Home Theater Movie Renter's Guide - April, 2013


 "Hemingway and Gellhorn" (Blu-ray) - Reviewed by Jim Clements



This award-winning movie follows the relationship of Ernest Hemingway (Clive Owen) and Martha Gellhorn (Nicole Kidman) against the backdrop of the Spanish Civil War through their divorce near the end of World War II.  Shot in a unique style, the movie intersperses modern footage with vintage film from conflicts in Spain, Finland, China and Europe.  The supporting cast features a number of notable stars such as David Strathairn, Tony Shalhoub, Parker Posey, Lars Ulrich, Molly Parker and Rodrigo Santoro.


  • HBO
  • 2012, Color, Rated TV-MA, 2 Hr 35 mins
  • Aspect Ratio: 1.78:1
  • 1080p
  • Codec: AVC
  • English 5.1 DTS-HD Master
  • Starring: Nicole Kidman and Clive Owen
  • Directed by: Philip Kaufman
  • Entertainment:
  • Video:
  • Audio:
  • Extras:
  • Violence: Yes
  • Sex: Yes
  • Language: Yes


I jumped all over this movie when it came across the wire.  That's because my own Mother met Ernest Hemingway in Cuba in 1951.  I even remember seeing a picture of her and him sitting in his boat.  So I wanted to see this recreation of Hemingway in a very big way.  Due to a series of conflicts, I wound up watching this movie over the span of two evenings.  In the first shift, I watched the beginning through where Hemingway and Gellhorn consummate their relationship.  I found this beginning sequence of the movie to be curiously boring.  I didn't get back to the movie for the better part of a week.  Then when I did get the chance to finish off the movie, I really got into the last hour and a half of it and my final analysis is that this is a powerful and profound story.  But I'm only giving it three and a half stars because of the tepid beginning and the somewhat bloated runtime.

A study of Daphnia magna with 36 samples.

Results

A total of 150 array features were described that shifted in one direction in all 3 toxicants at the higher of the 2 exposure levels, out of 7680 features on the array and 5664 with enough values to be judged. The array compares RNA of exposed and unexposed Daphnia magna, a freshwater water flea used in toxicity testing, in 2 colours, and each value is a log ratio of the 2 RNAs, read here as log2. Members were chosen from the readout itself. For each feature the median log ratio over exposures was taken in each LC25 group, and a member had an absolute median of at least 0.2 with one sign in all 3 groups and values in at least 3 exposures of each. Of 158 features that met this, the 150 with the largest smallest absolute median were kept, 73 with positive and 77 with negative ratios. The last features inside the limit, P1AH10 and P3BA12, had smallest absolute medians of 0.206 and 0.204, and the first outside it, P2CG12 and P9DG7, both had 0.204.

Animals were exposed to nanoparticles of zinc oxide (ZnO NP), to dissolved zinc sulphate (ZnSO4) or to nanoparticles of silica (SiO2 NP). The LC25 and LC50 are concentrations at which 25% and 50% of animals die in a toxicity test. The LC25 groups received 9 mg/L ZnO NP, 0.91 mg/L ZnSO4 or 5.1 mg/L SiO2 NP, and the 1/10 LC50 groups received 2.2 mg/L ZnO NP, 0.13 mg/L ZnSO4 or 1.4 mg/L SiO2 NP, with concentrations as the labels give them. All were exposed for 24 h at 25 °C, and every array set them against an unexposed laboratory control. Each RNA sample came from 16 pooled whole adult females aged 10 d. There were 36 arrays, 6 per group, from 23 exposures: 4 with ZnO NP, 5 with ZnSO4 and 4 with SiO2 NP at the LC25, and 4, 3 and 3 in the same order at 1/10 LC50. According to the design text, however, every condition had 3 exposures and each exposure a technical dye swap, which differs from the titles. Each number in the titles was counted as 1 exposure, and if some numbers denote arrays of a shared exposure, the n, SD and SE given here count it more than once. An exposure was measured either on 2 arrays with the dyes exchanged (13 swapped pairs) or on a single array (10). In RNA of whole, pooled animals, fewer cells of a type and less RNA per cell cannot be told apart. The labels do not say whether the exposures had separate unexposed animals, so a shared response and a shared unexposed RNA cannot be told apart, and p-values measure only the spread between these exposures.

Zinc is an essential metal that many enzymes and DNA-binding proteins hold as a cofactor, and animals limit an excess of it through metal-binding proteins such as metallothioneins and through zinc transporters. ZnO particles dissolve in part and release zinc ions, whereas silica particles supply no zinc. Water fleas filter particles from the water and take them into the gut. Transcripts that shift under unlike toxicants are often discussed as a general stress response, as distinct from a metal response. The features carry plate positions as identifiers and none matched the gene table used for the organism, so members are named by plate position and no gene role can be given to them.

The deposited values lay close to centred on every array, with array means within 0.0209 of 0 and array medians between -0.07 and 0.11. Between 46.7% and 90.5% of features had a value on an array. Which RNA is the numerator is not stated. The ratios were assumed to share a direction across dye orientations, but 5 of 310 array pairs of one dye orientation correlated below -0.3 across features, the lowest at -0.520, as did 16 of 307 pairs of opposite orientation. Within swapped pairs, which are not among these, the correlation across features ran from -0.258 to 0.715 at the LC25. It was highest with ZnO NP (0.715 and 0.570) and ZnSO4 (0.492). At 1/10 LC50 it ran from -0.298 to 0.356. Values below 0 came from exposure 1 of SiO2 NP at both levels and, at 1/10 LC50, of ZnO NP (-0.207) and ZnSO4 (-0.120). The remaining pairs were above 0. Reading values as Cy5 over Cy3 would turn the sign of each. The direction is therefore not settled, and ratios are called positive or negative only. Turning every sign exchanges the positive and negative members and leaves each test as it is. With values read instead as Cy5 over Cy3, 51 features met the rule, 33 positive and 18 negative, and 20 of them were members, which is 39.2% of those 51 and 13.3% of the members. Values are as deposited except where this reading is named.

This movie features very unique cinematography.  It is a mix of pristine digital photography, digital photography that is manipulated to look dated as well as scenes where the modern day actors are inserted into vintage footage.  This results in continuous transitions between color imagery, sepia-hued monochrome to over-saturated colors with significant film grain.  The transitions are sudden but the effect, though gimmicky, is passed along nicely through the clean and sharp transfer.  

The DTS HD Master audio is bombastic in the battle scenes and demonstrates excellent vocal clarity in the softer sequences.  The musical score is also beautifully recorded and mastered.  This movie won Emmy Awards for Sound Editing and for Javier Navarrete's Music Composition.  I heartily agree with these awards after spending some time with the Blu-ray of this film.   


I reviewed a two-disc collection that includes the Blu-ray and a DVD. The special features on the Blu-ray are in High Definition and include "Behind the Visual Effects" (the cast and crew discuss the special effects and how they enriched the film's historical accuracy), "Making Hemingway & Gellhorn" (from casting to costumes to editing, the cast and crew provide a detailed view of the production process) and an Audio Commentary with Director Philip Kaufman and Editor Walter Murch.